I'm one of the people who find it difficult to change their own habits. For example, three years ago I had to change the email client I used at work. Although there were
not many conceptual differences between the two tools, I didn't feel comfortable using the new one and I failed badly to keep my emails organized. What a mess it was!
Only after one of my colleagues had given me a hand and showed me how to use the tool effectively, I picked up the tool's philosophy and became fluent with it.
Switching an IDE is far more challenging, because IDEs are very complex and the level of comfort and confidence in the tool that developer have to feel is much higher than for an email client. A good IDE becomes effectively a direct extension of the developer's brain and even small incompatibilities are immediately reflected in decreased productivity and enjoyment.
I hear some people have troubles evaluating IntelliJ IDEA and learning to use all its powerful capabilities. It's understandable given the effort required to properly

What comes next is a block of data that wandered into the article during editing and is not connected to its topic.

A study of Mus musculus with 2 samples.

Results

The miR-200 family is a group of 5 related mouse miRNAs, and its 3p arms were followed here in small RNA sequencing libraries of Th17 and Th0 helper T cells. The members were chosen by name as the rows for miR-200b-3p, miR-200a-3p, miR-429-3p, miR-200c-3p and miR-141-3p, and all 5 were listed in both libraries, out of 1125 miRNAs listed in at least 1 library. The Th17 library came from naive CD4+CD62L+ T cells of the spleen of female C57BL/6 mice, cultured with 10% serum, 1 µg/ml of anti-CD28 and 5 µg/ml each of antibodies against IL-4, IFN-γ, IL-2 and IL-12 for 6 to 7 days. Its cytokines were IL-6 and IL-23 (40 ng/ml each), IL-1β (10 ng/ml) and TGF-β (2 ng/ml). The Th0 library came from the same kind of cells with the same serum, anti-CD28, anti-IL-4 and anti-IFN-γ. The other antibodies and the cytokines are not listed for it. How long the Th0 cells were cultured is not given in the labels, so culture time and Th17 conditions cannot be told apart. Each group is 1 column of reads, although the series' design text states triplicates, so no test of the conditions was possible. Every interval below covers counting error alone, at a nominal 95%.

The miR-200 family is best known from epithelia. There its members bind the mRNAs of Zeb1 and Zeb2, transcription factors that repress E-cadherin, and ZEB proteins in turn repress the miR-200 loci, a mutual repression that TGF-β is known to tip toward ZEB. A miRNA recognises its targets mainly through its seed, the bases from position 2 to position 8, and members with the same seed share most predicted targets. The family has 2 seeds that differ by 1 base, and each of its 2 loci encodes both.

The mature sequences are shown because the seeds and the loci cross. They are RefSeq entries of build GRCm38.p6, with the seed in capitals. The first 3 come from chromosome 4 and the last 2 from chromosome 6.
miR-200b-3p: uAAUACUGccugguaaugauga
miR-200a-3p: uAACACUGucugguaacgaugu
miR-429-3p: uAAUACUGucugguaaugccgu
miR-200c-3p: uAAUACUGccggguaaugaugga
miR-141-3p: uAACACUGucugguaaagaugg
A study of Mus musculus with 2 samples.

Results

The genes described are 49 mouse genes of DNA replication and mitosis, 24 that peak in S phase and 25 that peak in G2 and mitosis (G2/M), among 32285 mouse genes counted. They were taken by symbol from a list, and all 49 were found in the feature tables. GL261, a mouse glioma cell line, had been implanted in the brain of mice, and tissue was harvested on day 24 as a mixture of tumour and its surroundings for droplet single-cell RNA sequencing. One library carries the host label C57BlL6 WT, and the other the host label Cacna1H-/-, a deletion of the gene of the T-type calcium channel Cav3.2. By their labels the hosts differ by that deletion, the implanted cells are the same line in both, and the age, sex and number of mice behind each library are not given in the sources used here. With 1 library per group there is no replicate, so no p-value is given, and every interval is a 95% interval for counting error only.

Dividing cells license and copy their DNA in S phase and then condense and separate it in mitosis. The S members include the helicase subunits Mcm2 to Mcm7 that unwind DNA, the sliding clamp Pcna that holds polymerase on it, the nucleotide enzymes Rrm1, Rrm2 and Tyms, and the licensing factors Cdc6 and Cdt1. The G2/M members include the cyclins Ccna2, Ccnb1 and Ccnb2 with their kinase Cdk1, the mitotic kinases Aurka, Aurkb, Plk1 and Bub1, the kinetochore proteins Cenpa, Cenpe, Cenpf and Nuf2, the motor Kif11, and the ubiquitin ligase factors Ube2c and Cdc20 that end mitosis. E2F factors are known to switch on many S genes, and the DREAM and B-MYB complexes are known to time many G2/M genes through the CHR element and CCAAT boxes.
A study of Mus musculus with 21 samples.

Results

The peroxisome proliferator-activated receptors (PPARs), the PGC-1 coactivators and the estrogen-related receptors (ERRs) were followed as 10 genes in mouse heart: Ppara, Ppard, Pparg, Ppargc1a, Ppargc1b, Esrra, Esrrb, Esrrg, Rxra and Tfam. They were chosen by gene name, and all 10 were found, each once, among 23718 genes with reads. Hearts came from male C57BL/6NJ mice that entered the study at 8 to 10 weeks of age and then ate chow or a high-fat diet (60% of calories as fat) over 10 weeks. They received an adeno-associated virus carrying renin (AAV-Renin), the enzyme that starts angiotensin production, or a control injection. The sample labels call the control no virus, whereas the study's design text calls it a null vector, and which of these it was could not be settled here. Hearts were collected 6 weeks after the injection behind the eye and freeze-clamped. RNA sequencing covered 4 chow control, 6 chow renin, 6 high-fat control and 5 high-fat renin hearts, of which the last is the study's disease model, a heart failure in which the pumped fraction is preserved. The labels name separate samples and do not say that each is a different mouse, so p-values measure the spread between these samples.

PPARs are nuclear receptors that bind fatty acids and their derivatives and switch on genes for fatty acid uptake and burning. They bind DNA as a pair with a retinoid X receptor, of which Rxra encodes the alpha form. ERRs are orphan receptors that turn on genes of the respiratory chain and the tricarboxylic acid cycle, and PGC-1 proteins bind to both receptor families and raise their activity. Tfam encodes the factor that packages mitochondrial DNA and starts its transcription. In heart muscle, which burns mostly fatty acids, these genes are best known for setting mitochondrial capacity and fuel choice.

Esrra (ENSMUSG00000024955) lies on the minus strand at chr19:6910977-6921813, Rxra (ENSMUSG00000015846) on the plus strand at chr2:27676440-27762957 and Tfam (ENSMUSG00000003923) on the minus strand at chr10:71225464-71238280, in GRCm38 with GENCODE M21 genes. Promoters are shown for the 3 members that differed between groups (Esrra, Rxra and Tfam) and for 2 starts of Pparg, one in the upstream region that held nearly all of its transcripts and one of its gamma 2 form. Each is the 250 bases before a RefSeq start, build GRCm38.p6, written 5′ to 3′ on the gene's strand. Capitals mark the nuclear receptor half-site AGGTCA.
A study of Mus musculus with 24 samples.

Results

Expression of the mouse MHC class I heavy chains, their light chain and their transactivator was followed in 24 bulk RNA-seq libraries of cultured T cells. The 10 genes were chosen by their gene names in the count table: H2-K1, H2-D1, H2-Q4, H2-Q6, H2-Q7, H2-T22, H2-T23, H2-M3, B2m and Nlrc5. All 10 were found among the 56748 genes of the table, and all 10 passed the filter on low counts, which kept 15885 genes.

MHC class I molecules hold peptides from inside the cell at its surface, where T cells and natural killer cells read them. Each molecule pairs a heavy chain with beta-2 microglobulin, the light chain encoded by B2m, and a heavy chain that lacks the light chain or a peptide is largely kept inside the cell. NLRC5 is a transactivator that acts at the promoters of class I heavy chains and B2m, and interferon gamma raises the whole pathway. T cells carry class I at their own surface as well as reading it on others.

understand the philosophy and usage patterns of a modern IDE. And here comes the good news:
If you are an Eclipse user and think of giving IntelliJ IDEA a good test ride, I recommend you tried the IntelliJ IDEA Evaluation Guide for Eclipse Users. It will assist you during your evaluation process, tell you about the similarities and differences of the two IDEs, help you customize key shortcuts, open your existing Eclipse projects in IntelliJ IDEA and a lot more.
On top of that, you might also find useful the flash demos on using IntelliJ IDEA, which show a lot of the principles in action.